By Dorie Clark
In uncertain times, it’s useful to question assumptions, mitigate risk, and experiment to see how you can do more with less. That might sound like a tall order, but fortunately, those are all entrepreneurial practices that we can hone and apply in corporate settings.
In my book Entrepreneurial you (Harvard Business Review Press, 2017), I write about how leaders can apply entrepreneurial best practices to drive innovation and results in their companies. Here are three key principles you can follow to move faster and do more, even in extremely challenging times.
Start from Zero. Typically, established companies have far more resources than entrepreneurial ventures. That’s often helpful, but it can become a disadvantage if we come to rely too heavily on applying the standard processes and ways of thinking.
Instead, ask yourself: How could you solve this problem if you had no money? What if you had only a tiny number of employees to devote to it? What if you had extraordinarily limited time?
Those creative constraints can often spark new ideas — as in the case of Todd Herman, an entrepreneur I profiled in the book who launched his consulting business by giving 60 free talks in 90 days. It was an enormous effort, but he successfully leveraged what he did have — time and the ability to speak well — in order to compensate for what he didn’t (clients and money for paid advertising).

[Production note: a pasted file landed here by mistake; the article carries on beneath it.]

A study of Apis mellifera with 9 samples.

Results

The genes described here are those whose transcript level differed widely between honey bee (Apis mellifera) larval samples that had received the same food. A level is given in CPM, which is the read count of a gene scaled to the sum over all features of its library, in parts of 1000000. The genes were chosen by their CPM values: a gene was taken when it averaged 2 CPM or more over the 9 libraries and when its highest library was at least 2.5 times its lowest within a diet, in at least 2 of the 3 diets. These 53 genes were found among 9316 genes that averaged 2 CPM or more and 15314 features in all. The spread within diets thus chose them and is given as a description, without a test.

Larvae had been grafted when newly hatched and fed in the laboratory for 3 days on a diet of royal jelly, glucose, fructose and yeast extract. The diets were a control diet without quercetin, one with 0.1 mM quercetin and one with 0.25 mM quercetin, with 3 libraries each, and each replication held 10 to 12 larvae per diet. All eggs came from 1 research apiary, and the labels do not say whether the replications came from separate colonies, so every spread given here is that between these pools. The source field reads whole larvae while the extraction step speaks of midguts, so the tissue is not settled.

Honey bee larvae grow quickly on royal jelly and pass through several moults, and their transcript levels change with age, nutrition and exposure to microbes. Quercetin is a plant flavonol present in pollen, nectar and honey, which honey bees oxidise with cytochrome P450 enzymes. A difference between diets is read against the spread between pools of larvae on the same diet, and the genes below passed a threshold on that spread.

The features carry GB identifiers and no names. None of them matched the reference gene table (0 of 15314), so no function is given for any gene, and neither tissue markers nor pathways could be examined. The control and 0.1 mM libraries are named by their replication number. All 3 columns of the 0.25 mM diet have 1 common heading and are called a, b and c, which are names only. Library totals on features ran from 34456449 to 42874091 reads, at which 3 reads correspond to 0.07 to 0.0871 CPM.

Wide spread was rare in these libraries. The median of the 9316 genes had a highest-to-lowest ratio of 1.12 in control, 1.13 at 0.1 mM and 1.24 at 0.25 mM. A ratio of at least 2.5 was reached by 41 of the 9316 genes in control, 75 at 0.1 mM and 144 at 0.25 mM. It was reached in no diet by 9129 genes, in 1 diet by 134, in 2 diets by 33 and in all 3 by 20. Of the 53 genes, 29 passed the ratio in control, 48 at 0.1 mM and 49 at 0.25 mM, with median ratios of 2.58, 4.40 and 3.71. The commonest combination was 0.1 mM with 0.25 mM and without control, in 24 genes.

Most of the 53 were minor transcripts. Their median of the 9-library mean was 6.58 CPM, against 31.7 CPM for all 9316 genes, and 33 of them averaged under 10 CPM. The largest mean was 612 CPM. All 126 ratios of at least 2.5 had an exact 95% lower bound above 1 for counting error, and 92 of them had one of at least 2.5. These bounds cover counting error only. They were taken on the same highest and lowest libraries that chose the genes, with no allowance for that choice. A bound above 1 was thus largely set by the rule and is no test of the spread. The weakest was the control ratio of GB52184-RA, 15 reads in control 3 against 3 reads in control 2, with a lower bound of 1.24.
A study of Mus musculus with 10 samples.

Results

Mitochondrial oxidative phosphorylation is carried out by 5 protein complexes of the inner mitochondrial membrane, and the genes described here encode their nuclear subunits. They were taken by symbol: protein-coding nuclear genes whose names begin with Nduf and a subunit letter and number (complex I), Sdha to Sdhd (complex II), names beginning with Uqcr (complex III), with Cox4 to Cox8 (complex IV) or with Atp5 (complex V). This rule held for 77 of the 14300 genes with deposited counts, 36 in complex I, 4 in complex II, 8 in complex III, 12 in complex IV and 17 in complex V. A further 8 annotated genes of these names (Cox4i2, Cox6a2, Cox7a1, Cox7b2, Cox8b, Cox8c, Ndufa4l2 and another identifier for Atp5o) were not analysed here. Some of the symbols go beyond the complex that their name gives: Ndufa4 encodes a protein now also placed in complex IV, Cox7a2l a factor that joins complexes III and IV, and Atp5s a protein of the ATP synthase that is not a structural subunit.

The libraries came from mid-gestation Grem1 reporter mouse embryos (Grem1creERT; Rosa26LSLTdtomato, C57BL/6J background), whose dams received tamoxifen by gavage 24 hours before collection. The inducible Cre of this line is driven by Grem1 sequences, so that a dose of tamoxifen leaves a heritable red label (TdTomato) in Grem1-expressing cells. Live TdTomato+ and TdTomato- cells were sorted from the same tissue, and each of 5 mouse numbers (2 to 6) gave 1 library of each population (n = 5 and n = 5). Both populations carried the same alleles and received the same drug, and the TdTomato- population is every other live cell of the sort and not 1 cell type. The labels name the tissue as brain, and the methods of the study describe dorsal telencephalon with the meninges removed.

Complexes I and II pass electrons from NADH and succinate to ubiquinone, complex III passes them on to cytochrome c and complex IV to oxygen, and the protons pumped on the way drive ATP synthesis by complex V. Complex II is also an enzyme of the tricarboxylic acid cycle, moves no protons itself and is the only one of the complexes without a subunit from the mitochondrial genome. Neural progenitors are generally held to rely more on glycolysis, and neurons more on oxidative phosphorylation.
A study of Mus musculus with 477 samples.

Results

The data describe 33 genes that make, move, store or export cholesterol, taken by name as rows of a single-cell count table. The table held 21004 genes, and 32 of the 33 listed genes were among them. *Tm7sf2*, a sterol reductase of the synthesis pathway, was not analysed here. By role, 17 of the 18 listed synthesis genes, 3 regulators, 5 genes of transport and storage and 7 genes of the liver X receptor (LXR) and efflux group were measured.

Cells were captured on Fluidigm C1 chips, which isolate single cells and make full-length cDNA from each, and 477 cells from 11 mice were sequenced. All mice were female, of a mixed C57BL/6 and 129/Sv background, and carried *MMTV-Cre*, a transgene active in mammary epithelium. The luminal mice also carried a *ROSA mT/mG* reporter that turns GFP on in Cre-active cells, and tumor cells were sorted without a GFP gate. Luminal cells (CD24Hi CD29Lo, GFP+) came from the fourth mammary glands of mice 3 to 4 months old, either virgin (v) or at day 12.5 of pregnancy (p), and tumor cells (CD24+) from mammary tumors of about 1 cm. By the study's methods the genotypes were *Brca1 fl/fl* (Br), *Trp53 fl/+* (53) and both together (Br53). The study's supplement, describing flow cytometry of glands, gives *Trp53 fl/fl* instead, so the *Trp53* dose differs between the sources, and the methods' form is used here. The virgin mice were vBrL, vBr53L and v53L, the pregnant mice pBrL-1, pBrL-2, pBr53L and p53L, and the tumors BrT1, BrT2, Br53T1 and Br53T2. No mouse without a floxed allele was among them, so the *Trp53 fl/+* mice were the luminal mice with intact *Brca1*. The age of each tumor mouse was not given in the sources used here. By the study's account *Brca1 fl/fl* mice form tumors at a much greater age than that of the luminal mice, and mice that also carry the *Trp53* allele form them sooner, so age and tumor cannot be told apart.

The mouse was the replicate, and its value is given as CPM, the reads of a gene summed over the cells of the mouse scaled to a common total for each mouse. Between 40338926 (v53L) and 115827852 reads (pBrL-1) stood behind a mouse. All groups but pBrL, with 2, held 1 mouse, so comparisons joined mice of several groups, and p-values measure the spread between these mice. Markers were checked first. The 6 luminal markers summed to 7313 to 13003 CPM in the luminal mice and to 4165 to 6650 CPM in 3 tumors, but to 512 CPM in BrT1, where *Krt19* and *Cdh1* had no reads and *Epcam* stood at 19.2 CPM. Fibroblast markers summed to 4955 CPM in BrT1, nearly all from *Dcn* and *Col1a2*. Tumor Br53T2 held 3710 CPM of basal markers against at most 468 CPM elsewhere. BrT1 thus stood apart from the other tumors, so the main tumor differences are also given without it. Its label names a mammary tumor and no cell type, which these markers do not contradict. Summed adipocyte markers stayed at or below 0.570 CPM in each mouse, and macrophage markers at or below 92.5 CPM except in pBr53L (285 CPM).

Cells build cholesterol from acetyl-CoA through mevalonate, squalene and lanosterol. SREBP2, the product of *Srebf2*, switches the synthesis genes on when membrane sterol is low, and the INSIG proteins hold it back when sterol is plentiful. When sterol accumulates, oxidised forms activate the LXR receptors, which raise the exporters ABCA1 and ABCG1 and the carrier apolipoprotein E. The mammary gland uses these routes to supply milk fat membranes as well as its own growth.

Create a Microtest. Too often, established companies perfect a product and launch it — only to discover that no one wants it. When we apply an entrepreneurial lens and assume there’s no margin for error, we have to ask ourselves: How can we be sure this will work, even before we build it? That means we need to get creative about running small tests in order to gauge demand — which gives us unique customer insights we can apply along the way. That was the case with Danny Iny, a marketer I profiled in the book whose original online course went nowhere – and in response, he learned to have customers sign up for a pilot program before he even built his next course so that he could see if they were interested in the first place.
Leverage Your Employees’ Learning. Employees often have a wide array of skills they have developed and cultivated outside of work — skills we rarely even know about. In Entrepreneurial you, I profile Lenny Achan, an ambitious nurse who was interested enough in technology to teach himself how to build and market iPhone apps. When the hospital CEO found out, he didn’t punish Achan for his outside activity (as Achan had originally feared). Instead, he promoted him to run social media for the hospital, because Achan had so clearly evinced an interest in that realm. We can all get better at tapping and recognizing our employees’ outside skills and leveraging them for the benefit of the company.
Especially in turbulent times, we all have to think more entrepreneurially. By applying these practices, we can become more nimble leaders — and create more resilient companies.